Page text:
Step 3. Pre-approval Application.

The first step in the process of financing a home is to be Pre-Qualified.  The purpose of doing that is to see if there are any problems before putting any funds at risk.  Home inspections, an appraisal, good faith deposit and possibly other expenses are paid in advance.  Think of the Pre-Qualification process as a safety valve that protects those funds.  If there is a problem(s) it is better to discover it BEFORE putting up hard earned money.

If credit issues are identified in the original credit report there is time to address them if the Pre-Qual procedure is done early enough. 

If everything looks good after the first step the next step is to gather all of the support documents that will be needed to run the loan application through an Automated Underwriting System (AUS).  Some loan officers will run AUS without reviewing the support documents, obviously not a good move.  The findings are not valid if the data in the application doesn’t match exactly the information on the support documents.

Once all of the support documents have been reviewed and checked against the information furnished during the first step it is time for Step 3.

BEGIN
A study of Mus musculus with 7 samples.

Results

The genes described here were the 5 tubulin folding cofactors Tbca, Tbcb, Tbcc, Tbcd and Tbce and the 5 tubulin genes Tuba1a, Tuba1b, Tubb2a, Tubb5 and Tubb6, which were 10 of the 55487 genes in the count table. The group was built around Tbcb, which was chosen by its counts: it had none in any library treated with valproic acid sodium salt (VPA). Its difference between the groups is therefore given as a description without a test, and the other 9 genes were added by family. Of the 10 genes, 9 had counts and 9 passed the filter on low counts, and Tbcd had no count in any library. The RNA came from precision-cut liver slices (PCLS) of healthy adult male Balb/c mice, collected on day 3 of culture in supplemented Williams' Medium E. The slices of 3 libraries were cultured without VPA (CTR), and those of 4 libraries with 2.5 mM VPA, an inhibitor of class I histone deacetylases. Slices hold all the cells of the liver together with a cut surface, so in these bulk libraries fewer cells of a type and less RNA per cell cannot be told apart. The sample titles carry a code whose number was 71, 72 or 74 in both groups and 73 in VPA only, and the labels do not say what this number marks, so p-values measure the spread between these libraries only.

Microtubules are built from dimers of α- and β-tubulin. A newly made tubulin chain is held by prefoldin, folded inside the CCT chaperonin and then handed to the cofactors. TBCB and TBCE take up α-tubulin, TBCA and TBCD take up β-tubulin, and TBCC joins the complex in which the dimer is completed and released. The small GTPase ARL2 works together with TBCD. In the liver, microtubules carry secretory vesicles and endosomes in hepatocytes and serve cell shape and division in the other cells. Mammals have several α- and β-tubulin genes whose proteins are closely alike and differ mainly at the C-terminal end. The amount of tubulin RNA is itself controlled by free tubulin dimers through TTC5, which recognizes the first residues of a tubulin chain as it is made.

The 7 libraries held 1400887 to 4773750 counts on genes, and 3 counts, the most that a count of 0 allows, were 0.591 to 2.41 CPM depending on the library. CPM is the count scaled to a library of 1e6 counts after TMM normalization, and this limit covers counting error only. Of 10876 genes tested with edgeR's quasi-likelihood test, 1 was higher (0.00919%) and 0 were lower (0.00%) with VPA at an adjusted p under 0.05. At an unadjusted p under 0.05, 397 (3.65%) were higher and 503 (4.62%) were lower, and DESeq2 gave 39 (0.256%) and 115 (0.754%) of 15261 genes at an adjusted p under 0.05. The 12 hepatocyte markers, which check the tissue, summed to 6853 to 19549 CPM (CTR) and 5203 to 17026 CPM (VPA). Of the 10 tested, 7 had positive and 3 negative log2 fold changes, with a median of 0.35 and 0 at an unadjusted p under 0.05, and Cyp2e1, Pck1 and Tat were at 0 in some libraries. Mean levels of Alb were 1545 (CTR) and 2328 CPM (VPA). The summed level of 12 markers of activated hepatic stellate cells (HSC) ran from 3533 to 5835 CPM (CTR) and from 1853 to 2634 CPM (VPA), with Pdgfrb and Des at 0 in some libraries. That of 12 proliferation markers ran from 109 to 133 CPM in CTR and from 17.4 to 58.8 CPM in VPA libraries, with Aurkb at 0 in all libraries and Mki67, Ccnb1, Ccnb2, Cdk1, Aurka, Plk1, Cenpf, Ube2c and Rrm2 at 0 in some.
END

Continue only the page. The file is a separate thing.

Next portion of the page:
Step 3 Pre-Approval

It should be clear by now there is a very big difference between being Pre-Qualified and Pre-Approved.  The first is, “suppose this, this and this are true” while the other is “based on verified facts.”  

I hope the steps are beginning to make sense.  It’s all about the money!  Protect your money; take all of the steps in order.  If you skip any step the risk of failure increases dramatically. 

Over the years many of my loan applicants have missed their income in Step 1 by as much as 30%.  If we had not checked Step 1 against Step 2 they would have crashed and burned.  That means they would have made an offer on a home they couldn’t afford.  Most loan officers confronted with such a problem would just deny the loan application but not until some of the buyer’s money was wasted.  The problem would not be discovered until it was too late. 

Buying a home isn’t done in a vacuum, but much of the lending industry believes that is true.  The buyer decides how the financing is structured, the same as the rest of their debt structure. Paying off a credit card, buying down an interest rate or changing the loan type are just three examples of moves that can solve an income to debt ratio. 

But if you have already made an offer on a home it is not so easy to change directions mid-stream.  It is important to plan first and then act, not the other way around.

Okay, after taking Step 3 you have a Pre-Approval letter in hand, time to buy a home!